Social distancing due to the Covid-19 crisis has led many employers to enforce remote working. Most employers have also adapted their hiring processes in line with these actions. But the problem is that there are many scammy online jobs posted by bad actors looking to take advantage of innocent job seekers. Here’s what to keep in mind when applying for any remote job:
Signs of scammy online jobs
Communication exclusively via chat platforms
Most employers will want to conduct legitimate interview using video tools like Zoom, Skype or Google Hangouts. If an employer only wants to be contacted via WhatsApp, keep in mind that this is a common tactic used by scammers across the world.
Fishy contact details
This one almost ties in with the first warning sign. Most employers use their business email domain for conducting interviews. If you’re applying for a position at ABSA, for example, you need to be able to verify that the hiring manager is actually from ABSA and not from “email@example.com”. if you’re ever in doubt, it’s best to check out the company’s website and verify their contact details.
An employer requests your personal information via chat or email
Scammy online jobs can be spotted from a mile away if anyone ever asks you to disclose your banking information as part of the application process. Legitimate employers need your basic info like phone number and email address, but that’s about it as far as details go during the recruitment process.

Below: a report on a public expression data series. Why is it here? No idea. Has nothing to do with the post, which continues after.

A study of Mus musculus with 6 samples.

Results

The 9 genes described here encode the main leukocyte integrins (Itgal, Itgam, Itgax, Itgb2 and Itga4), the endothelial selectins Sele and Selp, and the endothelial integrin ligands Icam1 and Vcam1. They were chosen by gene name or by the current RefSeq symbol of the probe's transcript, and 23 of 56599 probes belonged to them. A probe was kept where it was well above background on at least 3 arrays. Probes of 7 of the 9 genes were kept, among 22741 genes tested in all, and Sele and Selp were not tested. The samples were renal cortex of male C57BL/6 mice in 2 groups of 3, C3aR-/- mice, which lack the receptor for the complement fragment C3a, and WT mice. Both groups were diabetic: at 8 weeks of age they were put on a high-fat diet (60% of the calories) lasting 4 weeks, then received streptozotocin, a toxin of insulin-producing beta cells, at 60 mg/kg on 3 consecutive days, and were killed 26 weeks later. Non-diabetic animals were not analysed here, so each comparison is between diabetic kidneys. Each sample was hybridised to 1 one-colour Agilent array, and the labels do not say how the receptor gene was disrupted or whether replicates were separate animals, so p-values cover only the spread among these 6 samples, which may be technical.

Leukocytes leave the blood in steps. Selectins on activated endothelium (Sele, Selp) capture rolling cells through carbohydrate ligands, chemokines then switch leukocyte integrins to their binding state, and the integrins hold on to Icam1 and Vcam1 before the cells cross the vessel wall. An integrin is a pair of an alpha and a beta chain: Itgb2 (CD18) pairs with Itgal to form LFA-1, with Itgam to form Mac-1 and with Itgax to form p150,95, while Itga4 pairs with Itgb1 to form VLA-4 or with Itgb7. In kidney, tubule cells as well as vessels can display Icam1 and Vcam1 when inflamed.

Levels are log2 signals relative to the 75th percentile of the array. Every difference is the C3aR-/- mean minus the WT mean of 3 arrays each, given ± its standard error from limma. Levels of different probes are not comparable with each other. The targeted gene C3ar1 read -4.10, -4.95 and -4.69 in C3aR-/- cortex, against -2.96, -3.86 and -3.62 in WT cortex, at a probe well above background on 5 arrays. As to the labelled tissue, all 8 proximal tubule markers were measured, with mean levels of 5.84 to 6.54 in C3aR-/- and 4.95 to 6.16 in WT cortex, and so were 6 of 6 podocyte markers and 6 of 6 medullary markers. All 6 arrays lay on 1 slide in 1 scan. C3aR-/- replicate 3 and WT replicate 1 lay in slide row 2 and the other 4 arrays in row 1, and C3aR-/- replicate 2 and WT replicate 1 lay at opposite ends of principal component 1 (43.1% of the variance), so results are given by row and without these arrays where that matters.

The job sounds too good to be true
Things that sound too good to be true usually are. A company will never contact you for a final round of interviews if you don’t even remember applying for the position in the first place. Scammers are real, and they troll job boards in search of unsuspecting victims!
Trending scammy online jobs
Although scammers are creative beyond belief and this list isn’t comprehensive, here’s a quick look at the top 3 scammy online jobs people have fallen victim to over the last few months:
Social Media Jobs
Social menu networks are by no means immune to scams, so even though someone might have reached out to you via LinkedIn, you still need to approach with caution. Regardless of how good the offer looks, you always need to verify the recruiter’s social media account before even replying on a message.
Someone might have contacted you, posing as a hiring manager, stating that you seem to be the perfect candidate for an open position they have. But before they can take the interview process to the next step, they need to perform a credit check on your name. The moment you give them any of your personal details, they have everything they need to access your bank accounts and steal your money.
Scammers love this trap, and it’s one that’s been around for years! Before “starting a new job”, victims of these scams are told they must buy programs or software that will enable them to perform their jobs. But as soon as you make that purchase, you’ll never hear from that “employer” again.
What to do if you spot scammy online jobs
If you’ve stumbled upon what seems to be a fake job ad on Adzuna, you have every right (and we expect you to) report it by using the Give Feedback function. You can also get in touch with the SARS anti-fraud division by sending an email to firstname.lastname@example.org or get in touch with the Southern African Fraud Prevention Services if you’ve been scammed with an online job offer.